January 17, 2012

Here’s a BBC news item:

Rock album sales hit their lowest level for eight years

It seems that rock music suffered its poorest album sales for eight years in 2011 according to the Official Charts Company. Good.

Seven of the top ten best-selling albums of last year were pop records, with Adele and Bruno Mars both selling more than a million. There’s nothing wrong with good, honest, pop. Only two entries in the top ten were rock and indie albums – Ed Sheeran‘s + and Coldplay‘s Mylo Xyloto. Overall, rock music albums accounted for 29.4.% of total music sales last year, down from 31.2% in 2010.

Rock, of course, has been creativity bankrupt for probably twenty years, with absolutely nothing to say and devoid of any excitement. It regurgitates its golden years over and over again, reselling the same old pre-packaged, tame rebellion to another generation of young spotty white morons every few years.

The real creative music is to be found among a legion of artists in many countries making a myriad of genres of ever-evolving electronicia on modest equipment. They self-distribute or work through netlabels.

If you want to remember what it was like to be excited about discovering new musical artists, that’s where you need to look.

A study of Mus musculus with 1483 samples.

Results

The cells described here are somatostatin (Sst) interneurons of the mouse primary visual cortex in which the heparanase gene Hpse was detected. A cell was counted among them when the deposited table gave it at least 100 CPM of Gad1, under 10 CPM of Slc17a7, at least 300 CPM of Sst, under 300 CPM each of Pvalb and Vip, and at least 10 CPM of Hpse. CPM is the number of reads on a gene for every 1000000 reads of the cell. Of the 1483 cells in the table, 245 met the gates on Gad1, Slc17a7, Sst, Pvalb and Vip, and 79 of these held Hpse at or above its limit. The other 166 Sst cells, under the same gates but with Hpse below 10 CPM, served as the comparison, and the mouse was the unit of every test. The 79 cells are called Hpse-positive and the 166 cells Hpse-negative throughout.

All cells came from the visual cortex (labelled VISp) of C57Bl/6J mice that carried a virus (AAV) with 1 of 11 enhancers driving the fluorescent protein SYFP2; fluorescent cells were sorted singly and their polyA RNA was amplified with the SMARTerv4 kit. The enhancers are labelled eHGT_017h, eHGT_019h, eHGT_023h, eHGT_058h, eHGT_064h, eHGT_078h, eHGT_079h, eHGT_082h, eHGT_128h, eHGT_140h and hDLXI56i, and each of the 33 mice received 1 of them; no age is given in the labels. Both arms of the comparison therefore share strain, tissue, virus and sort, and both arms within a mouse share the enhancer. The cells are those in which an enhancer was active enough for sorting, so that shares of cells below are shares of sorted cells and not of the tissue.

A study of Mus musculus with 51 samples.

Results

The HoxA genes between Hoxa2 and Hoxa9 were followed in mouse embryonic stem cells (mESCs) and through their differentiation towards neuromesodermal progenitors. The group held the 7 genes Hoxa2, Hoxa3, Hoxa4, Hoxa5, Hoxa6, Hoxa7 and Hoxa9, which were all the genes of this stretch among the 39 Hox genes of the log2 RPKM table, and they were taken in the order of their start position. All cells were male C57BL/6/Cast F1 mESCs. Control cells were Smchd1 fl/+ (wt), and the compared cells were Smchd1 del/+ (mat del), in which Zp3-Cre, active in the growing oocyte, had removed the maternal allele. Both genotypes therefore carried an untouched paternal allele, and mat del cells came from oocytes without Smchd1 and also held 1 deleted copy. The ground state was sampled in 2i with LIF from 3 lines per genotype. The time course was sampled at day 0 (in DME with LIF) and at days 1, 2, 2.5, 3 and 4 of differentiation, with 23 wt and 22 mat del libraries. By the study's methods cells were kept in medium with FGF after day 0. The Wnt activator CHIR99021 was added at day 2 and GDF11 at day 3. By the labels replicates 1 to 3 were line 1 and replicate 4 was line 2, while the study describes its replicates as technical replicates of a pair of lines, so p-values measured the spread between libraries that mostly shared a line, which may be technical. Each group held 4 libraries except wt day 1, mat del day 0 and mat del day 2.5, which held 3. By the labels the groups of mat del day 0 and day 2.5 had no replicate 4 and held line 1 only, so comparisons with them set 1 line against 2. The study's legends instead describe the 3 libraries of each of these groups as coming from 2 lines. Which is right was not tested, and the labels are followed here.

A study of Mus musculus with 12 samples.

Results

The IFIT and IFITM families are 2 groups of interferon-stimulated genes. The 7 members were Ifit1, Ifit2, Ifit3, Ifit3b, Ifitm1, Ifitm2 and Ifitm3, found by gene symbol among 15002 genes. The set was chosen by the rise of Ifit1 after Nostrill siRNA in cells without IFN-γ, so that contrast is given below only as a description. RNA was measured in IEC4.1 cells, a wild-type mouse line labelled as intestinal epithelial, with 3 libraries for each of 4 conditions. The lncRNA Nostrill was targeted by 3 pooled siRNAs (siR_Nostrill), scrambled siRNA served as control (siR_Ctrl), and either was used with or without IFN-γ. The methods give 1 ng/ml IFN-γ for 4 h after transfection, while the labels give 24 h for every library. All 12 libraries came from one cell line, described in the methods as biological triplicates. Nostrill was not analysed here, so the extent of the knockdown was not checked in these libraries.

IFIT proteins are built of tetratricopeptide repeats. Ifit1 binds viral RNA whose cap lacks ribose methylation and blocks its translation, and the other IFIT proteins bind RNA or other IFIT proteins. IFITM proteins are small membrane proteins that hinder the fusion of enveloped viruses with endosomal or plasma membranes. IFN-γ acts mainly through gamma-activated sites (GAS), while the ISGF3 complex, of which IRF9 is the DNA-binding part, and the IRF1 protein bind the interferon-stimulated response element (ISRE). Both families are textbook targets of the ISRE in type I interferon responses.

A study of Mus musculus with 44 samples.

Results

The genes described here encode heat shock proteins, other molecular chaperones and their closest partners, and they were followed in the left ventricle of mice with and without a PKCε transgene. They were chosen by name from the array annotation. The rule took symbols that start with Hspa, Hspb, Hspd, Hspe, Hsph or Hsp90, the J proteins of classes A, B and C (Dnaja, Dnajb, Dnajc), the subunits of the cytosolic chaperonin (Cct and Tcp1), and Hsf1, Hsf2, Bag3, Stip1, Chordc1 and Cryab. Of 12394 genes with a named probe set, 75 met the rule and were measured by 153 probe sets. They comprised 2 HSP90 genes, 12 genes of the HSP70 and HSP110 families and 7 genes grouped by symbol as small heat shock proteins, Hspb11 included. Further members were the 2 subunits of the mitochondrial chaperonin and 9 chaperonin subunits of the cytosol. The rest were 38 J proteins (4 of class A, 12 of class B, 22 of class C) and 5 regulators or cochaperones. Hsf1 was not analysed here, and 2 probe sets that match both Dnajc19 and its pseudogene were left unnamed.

1. January 18, 2012 10:12 am

    One of my friends commented elsewhere that although my assertion that rock is dead might be true in mainstream rock idioms and in the so-called indie world, there is a great amount of other guitar music being made that is excellent and creative. I may be paraphrasing. He’s someone who knows his shit so I listen to him.

    Actually, it kind of confirms my point. You won’t find good,new, creative music of any kind coming from the big labels and the traditional music industry; the new music industry is online, de-centralised, much more of a genuine folk music than it has been for generations. That goes for electronica (my world) or guitar music (my friend is more connected with that world).